President Barack Obama has ambitious plans to improve internet access in schools — but he has help. He announced at a Maryland middle school that private companies will give donations totaling $750 million to improve technology in schools, stating, "In a country where we expect free Wi-Fi with our coffee, we should definitely demand it in our schools." He reiterated the fact that technology in the classroom increases critical thinking and creativity.
Congress will need to agree, but Obama says he is prepared to act on his own if need be. Major companies like AT&T, Apple, Microsoft, Sprint and The Verizon Foundation have signed on to help, donating $750 million worth of products and free high speed internet services to low income schools.
The announcement was one of two that Obama delivered on school internet initiatives. Federal Communications Commission Chairman Tom Wheeler plans another announcement on changes to the federal program for technology subsidies E-Rate.
The President teased the announcements in last week's State of the Union, saying that he had a "down payment" on a new high-speed Internet investment. Overall, 15,000 more schools and 20 million additional students will be connected to broadband Internet because of the new initiatives, the president said.
Phillip Lovell, Vice President of federal advocacy for the Alliance for Excellent Education, said the there are more plans for modernization and the push will continue for months and years until Obama's goal of connecting 99% of students to high speed internet is met. Maggie Severns of Politico writes that more than 70% of schools are not hitting the minimum goal for internet connectivity.
Those contributing to the program with connectivity include AT&T, who is offering $100 million in mobile broadband services over three years, and Sprint, who will offer free wireless to low income high school students over the next four years. Products and Content contributions are coming in from Apple, who promised $100 million in iPads, Macbooks, and other products for teachers and school employees.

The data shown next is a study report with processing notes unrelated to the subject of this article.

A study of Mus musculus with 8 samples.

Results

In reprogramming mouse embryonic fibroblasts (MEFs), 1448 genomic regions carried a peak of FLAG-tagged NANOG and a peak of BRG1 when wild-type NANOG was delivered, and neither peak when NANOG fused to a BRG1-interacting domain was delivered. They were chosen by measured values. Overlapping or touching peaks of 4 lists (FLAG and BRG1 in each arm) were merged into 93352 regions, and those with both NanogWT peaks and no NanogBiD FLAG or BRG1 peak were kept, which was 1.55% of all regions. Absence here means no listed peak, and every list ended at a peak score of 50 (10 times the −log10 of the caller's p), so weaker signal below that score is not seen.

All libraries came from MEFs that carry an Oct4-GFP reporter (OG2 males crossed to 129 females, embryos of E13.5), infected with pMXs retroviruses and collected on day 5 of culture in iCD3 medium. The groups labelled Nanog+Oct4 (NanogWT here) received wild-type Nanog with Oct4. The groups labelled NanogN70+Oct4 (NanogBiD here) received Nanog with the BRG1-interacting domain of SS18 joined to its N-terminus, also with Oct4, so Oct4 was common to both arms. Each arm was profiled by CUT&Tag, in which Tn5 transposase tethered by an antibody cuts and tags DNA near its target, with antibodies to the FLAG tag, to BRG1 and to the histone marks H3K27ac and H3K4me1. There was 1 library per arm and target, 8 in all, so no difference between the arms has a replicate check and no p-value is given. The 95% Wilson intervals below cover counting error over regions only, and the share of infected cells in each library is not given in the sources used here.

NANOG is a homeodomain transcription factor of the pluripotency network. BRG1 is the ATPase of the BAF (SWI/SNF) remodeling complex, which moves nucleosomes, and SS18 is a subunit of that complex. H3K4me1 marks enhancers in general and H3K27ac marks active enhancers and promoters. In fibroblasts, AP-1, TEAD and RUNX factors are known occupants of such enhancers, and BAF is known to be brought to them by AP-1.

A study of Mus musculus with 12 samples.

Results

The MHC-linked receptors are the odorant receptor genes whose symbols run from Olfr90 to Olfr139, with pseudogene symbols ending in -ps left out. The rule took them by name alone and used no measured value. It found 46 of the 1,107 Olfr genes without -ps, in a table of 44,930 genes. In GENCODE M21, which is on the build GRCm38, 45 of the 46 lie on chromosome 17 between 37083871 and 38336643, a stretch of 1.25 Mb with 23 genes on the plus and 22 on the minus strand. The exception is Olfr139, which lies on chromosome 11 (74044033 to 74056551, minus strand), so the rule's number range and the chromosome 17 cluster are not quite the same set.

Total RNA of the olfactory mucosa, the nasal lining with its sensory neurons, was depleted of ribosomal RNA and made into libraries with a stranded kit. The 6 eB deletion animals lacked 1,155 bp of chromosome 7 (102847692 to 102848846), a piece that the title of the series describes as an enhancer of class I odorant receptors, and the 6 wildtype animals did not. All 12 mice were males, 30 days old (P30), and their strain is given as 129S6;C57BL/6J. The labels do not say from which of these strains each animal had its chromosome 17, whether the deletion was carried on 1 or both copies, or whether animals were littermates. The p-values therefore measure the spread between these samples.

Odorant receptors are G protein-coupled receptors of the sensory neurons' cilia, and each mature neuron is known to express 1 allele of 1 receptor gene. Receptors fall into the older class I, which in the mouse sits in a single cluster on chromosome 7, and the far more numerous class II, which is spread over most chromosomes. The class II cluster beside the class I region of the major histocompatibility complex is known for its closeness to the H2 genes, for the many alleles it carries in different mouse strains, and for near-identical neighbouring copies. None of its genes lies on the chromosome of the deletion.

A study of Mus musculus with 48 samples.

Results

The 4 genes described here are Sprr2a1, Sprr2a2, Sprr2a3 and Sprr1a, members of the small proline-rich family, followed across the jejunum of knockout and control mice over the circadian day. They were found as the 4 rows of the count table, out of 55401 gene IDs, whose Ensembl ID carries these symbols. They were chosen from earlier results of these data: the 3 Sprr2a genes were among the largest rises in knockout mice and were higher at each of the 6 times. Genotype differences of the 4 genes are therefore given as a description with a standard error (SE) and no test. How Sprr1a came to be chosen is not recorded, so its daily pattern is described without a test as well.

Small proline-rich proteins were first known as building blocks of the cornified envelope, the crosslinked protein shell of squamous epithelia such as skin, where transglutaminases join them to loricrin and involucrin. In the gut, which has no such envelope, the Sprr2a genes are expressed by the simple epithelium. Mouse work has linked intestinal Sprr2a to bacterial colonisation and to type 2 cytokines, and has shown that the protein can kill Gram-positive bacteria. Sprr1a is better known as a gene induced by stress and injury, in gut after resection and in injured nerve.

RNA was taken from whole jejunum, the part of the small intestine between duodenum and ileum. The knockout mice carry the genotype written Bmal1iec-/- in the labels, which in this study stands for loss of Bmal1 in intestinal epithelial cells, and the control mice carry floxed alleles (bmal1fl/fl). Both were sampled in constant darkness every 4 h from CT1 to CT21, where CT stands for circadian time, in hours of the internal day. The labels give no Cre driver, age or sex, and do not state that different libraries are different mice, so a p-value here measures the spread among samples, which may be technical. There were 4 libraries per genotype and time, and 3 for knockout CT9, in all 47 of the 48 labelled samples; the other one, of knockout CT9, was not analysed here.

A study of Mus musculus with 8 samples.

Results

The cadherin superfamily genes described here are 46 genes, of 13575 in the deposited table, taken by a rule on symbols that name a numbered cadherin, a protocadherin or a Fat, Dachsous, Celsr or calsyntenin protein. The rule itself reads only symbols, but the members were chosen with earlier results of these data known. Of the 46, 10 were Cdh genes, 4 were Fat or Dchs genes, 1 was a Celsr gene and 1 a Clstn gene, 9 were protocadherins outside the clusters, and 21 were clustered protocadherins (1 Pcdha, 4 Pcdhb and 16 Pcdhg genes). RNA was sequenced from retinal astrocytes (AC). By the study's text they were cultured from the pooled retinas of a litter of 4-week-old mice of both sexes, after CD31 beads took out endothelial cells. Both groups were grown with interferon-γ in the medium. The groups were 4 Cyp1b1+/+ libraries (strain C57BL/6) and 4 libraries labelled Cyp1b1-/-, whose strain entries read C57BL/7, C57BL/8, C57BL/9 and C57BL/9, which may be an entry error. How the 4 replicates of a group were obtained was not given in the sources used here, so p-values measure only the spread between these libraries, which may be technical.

Microsoft is discounting the price of Windows operating system for schools, and O'Reilly Media is collaborating with Safari Books Online to give $100 million in online books and tools to every school in the country free.
The Verizon Foundation pledged $100 million to expand its Innovative Learning Schools Program and its Verizon Innovative App Challenge. Autodesk is providing its science and art support software Design the Future to every secondary school in the country free.
In addition to the private funds, the U.S. Department of Agriculture will provide $10 million in distance learning grants to rural schools. The grants can be used for equipment and services such as videoconferencing. And the FCC plans to invest an additional $2 billion over the next two years to support broadband networks in the schools and libraries.
Mary Kusler, government relations director at the National Education Association, says the list of participants is remarkable because of the number of big name companies listed, as well as those who are not. "You can see company by company whose playing and who's not," Kusler said, adding, "it's a great thing to see these companies stepping up to the plate."
Obama emphasized that companies want educated customers and have a stake in the student's ability to be digitally literate, saying that, "They want customers who are able to get good jobs, who are able to use these tools in the future."
One unexpected driver of the push to modernize school Internet access came when districts started preparing to test students for the Common Core State Standards. The tests were intended to be given exclusively online, but so many schools don't have the infrastructure and equipment to give tests that way, paper-and-pencil tests will be offered at first.